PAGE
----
This article, “Who stole the Krugerrands” contains spoilers regarding Netflix’s Russian Doll season 2.
Nadia finds herself transported back to the punk rock era of the eighties, which was handily the exact same time that the family’s fortune went missing. Our time travelling chain-smoker decides to use this new power as her way of rewriting history and reclaiming the stolen riches. But just who stole the Krugerrands in the first place and how will she get them back?
Russian Doll season 2 – who stole the Krugerrands?
The writers of Russian Doll decide to tilt full on into the most ironic of paradoxes and have Nadia involved in the actual robbery of the Krugerrands, the same coins she so desperately desires. She finds herself back in eighties New York, entangled in a heated romance with a dirt bag named Chez and a robbery, all thanks to her mother. The big twist being that Nadia is inhabiting the body of her psychotic mother Lenora. So it was in fact Lenora and Chez who schemed to steal the golden coins. Nadia was just an unknowing participant in the whole affair.
Lenora, who has a history of psychotic behaviour, finds herself in a toxic relationship with Chez. Together they plan to steal Vera’s fortune for their own gain. Chez and Nora break into the flat and steal the handbag of coins. They evenly split the winnings and Nora goes on an instant shopping spree, buying a fancy new sports car and a boot full of fur coats. Nadia doesn’t witness all these situations as she flits back and forth between timelines, but she eventually figures it all out. In the present, a fragile looking older Chez is no help, having either spent or lost his half of the fortune.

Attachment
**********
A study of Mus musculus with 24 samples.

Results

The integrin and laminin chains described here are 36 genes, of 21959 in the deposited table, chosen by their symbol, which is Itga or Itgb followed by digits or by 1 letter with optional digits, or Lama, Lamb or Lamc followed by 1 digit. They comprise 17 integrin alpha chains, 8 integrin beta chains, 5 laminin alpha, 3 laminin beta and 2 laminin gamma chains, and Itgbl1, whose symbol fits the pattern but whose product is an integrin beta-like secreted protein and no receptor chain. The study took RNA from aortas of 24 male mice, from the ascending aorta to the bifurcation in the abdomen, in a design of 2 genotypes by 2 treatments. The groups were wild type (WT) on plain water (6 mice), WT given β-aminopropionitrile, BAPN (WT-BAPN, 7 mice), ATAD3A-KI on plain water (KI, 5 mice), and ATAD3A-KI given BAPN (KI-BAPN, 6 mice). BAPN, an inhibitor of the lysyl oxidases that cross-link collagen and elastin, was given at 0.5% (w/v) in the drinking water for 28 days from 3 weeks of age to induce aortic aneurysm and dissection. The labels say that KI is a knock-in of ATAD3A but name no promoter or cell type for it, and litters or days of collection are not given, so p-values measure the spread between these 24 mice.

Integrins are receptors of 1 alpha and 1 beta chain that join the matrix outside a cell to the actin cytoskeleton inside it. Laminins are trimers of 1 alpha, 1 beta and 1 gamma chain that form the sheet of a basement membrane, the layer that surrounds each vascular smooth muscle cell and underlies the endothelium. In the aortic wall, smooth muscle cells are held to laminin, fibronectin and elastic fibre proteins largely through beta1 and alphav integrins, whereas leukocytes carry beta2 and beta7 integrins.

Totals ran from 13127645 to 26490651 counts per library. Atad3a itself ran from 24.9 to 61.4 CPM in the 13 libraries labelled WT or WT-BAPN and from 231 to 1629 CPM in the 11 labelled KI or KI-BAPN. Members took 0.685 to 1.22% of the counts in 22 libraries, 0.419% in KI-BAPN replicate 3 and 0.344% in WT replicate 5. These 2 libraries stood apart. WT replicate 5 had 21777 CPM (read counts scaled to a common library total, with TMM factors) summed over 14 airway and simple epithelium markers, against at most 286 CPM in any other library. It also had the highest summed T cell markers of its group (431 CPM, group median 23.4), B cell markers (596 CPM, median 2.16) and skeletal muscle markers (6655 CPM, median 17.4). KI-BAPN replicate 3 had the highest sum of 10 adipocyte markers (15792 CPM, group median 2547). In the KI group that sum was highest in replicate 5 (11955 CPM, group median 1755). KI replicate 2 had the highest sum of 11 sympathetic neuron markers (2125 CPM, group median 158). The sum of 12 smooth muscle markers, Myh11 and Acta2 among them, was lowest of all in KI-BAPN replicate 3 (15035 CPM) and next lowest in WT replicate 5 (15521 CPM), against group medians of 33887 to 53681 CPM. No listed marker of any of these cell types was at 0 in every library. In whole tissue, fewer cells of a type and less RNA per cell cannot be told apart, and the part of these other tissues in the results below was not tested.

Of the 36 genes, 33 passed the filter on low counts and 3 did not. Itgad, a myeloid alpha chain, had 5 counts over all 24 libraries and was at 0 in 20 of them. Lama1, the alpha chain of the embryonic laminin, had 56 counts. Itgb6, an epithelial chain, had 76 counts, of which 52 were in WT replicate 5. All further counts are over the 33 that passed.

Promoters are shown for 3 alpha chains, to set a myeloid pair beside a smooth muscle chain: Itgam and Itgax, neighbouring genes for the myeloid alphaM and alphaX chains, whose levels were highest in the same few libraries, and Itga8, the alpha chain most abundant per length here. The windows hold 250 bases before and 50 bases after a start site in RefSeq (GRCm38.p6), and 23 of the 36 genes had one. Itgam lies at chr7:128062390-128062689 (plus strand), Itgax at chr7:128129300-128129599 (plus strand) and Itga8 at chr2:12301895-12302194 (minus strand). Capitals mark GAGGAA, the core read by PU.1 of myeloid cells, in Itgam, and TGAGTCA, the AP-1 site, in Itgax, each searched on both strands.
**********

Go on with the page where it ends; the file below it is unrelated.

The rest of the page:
Nadia plans to return the family’s riches and her future inheritance by returning the sports car and fur coats, with Ruth handing over her very own wedding ring to match the difference. They exchange all these extravagant purchases for the Krugerrands, but Nadia loses them on the subway train anyway. She must travel further back in time, to the war-torn forties, to try and retrieve the gold once more. This time around, Nadia inhabits the body of her grandmother Vera and tracks down the family’s heirlooms in a Nazi warehouse. She buries the treasure in a tunnel wall and posts a map of the directions to Vera’s future home. It’s a complicated solution, although it works.
Having spent days traversing multiple timelines Nadia finds herself in the sixties and is helpless to see the heirlooms exchanged for the Krugerrands for the second time. She concludes that this a time loop she can’t undo, the money’s journey will continually follow this cycle for eternity. It’s a harsh lesson for Nadia to learn, Lenora will always steal the money and whatever schemes Nadia puts in place, the pattern will inevitably replicate. She concedes, you cannot change the past.
If Nadia’s arc teaches her anything, it is that family comes first and wealth isn’t everything. In the final scene she hugs her friends at Ruth’s funeral and smiles in the mirror, content with her current life choices, happy to be done with the curse of the Krugerrands, having tried every possible scenario she could. Nadia can now move forward with her life, with the knowledge that she tried, but she doesn’t need the family’s wealth to enjoy life.